For the past several weeks of Easter in Year B of the Revised Common Lectionary, readings from the First Letter of John have emphasized that the greatest way the world will come to know Christ will be by how we Christians act. Our actions, especially as those who “wear” the name of Christ, will be the only testimony much of the world will have as to who Jesus is. That concept ought to strike us dead in our tracks. What, exactly, DO our actions tell the outside world about who Jesus is, and how Jesus forms and shapes our lives? In particular, how do we reflect our understanding of Jesus – not as a prophet and healer who lived and died in the first century of the common era – but as the living, risen, Savior we proclaim throughout Easter, and beyond? “We are an Easter people, and ‘Alleluia!’ in our song,” proclaimed St. Augustine.
Since “no one has ever seen God,” but “God is love,” the only way for people to actually see God is to see the visible acts of love we Christians offer not just for each other, but for those people beyond our narrow circles. As we know, our circles seems to keep constricting and getting smaller and smaller in the last several decades here in the West. One wonders how much Christian infighting has had to do with that, or, even, worse, since it is more visible, what role Christian condemnation of those we perceive to be outside the circle of salvation has played in the alienation of so many from belief in God? If God is love, and we are not loving those who do not know God, how are we so surprised when the number of people who confess belief in God is not also contracting, rather than growing? We live in a world in which “love” is often traded for infatuation or passion—flames that burn brightly, generally but do not last.
It’s easy to love people when you think they are just like you. It’s hard to love people when you think they are different than you, or worse, more sinful than you. But the logic of John’s argument here becomes even more forceful in exactly that situation.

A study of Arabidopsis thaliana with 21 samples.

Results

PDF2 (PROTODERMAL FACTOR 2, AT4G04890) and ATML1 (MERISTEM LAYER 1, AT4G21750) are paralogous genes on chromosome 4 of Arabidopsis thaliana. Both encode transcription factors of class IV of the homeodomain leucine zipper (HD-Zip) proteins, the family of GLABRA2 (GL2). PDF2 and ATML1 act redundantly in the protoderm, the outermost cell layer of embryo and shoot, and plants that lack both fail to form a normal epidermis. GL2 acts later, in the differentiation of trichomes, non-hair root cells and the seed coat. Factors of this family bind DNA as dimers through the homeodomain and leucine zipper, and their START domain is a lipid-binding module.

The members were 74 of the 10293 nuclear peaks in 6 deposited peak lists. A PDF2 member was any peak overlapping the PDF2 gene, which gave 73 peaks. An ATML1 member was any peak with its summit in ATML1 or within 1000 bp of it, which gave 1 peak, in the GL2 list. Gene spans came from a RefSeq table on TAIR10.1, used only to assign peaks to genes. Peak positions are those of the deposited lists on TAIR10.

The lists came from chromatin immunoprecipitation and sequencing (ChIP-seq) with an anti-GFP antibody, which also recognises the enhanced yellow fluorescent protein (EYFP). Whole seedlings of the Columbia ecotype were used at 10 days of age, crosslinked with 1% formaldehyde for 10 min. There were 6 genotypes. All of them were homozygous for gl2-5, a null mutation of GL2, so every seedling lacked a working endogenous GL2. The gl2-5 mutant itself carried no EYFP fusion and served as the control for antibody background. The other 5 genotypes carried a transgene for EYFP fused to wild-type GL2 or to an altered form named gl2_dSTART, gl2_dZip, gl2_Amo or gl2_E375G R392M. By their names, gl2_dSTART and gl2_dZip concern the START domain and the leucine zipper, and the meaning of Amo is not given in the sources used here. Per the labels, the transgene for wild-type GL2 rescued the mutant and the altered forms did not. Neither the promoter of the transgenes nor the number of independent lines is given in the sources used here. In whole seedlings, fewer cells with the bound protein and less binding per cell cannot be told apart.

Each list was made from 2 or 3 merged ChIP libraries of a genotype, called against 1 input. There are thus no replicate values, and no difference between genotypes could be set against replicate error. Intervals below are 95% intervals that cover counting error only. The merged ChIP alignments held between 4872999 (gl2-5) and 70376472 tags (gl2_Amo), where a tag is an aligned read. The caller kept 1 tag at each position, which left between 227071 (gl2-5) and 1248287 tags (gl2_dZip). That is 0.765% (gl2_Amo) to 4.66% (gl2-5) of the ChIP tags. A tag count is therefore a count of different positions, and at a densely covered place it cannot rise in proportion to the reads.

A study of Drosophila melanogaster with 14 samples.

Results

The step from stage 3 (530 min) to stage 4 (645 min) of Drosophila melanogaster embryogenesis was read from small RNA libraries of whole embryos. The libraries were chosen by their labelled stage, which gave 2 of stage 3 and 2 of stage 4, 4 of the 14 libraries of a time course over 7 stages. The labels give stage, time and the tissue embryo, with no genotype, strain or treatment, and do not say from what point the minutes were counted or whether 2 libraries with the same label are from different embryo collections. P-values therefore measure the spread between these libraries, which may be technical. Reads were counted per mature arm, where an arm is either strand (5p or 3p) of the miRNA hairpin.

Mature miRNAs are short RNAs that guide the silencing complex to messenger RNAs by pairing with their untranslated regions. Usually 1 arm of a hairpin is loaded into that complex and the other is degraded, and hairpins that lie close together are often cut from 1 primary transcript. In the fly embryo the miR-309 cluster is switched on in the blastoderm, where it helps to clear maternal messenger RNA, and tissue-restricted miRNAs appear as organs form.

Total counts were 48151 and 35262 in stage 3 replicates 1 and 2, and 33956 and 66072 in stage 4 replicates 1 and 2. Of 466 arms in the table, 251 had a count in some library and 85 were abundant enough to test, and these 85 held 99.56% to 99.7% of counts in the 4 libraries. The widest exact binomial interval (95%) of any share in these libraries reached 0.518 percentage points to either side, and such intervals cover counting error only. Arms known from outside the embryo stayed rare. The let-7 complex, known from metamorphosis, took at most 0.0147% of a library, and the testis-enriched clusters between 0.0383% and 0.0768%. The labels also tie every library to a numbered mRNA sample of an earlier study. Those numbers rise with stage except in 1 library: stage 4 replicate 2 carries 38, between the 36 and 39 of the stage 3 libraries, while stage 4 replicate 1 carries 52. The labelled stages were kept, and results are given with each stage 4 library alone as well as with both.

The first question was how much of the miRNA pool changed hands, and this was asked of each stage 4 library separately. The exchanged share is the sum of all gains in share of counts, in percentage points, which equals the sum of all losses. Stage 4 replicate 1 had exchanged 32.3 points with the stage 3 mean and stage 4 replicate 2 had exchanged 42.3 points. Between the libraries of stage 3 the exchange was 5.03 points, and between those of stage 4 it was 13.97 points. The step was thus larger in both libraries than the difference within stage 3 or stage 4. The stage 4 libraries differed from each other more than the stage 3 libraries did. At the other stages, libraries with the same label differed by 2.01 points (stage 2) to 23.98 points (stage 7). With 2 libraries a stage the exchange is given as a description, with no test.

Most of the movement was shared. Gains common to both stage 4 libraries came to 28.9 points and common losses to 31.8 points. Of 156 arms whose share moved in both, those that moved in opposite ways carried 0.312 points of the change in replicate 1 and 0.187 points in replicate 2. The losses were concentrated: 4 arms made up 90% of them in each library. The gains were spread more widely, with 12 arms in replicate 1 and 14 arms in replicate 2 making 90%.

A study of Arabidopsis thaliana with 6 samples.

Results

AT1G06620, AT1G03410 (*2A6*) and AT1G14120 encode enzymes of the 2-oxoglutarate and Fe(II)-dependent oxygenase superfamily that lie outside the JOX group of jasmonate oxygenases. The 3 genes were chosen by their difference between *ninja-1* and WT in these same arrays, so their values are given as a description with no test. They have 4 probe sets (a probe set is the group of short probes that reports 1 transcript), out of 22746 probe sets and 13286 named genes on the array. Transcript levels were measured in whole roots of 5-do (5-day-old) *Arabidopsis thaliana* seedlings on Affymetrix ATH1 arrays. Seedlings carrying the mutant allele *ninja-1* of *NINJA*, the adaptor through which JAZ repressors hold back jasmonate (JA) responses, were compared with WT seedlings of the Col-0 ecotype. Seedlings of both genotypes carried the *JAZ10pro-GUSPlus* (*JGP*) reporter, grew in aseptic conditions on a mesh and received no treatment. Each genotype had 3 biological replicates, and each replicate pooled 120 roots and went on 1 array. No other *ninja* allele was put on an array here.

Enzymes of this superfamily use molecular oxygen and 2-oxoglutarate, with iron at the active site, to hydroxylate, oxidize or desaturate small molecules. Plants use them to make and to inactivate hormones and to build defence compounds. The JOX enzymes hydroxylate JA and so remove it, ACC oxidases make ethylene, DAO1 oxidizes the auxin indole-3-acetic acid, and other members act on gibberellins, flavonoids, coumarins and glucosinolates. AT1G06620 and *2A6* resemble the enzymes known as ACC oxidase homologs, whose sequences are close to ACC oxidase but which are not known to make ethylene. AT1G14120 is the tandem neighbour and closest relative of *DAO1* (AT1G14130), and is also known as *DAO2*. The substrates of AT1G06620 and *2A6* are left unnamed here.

Jesus didn’t come to hang out with the powerful. He spent his earthly life among the poor and the outcast for many reasons, all of which can be translated into one word: love. Jesus showed great love, compassion, and mercy on those who were marginalized and even criminalized. As disciples of Jesus, we are called to imitate our teacher and Savior. Jesus embodied love in action. We are therefore called and charged with the holiest of charges, to do exactly the same. God’s love and grace alone makes us worthy—nothing we can do can earn forgiveness. BUT our own love makes us worthy witnesses—and where we are lacking, we must acknowledge what we have left undone, and commit to action.
William Temple, Archbishop of Canterbury during the last years of World War II, composed this prayer, asking God for the gift of holy love:
O God of love, we pray thee to give us love:
Love in our thinking, love in our speaking,
Love in our doing, and love in the hidden places of our souls;
Love of our neighbors near and far;
Love of our friends, old and new;
Love of those with whom we find it hard to bear,
And love of those who find it hard to bear with us;
Love of those with whom we work,
And love of those with whom we take our ease;
Love in joy, love in sorrow;
Love in life and love in death;
That so at length we may be worthy to dwell with thee,
Who art eternal love.
We understand who we are by loving beyond ourselves, by loving each other and thereby loving God. Love is the ultimate act of bravery and faith, because it requires so much of us. It is time for us to understand that sharing in the love of God is sharing in God’s very being. The full expression of love is how we participate in the life of God. Real love will abide, because real love is will in action and willing to endure throughout joy as well as hardship.
The Rev. Leslie Scoopmire is a writer, musician, and a priest in the Diocese of Missouri. She is rector of St. Martin’s Episcopal Church in Ellisville, MO. She posts daily prayers, meditations, and sermons at her blog Abiding In Hope, and collects spiritual writings and images at Poems, Psalms, and Prayers.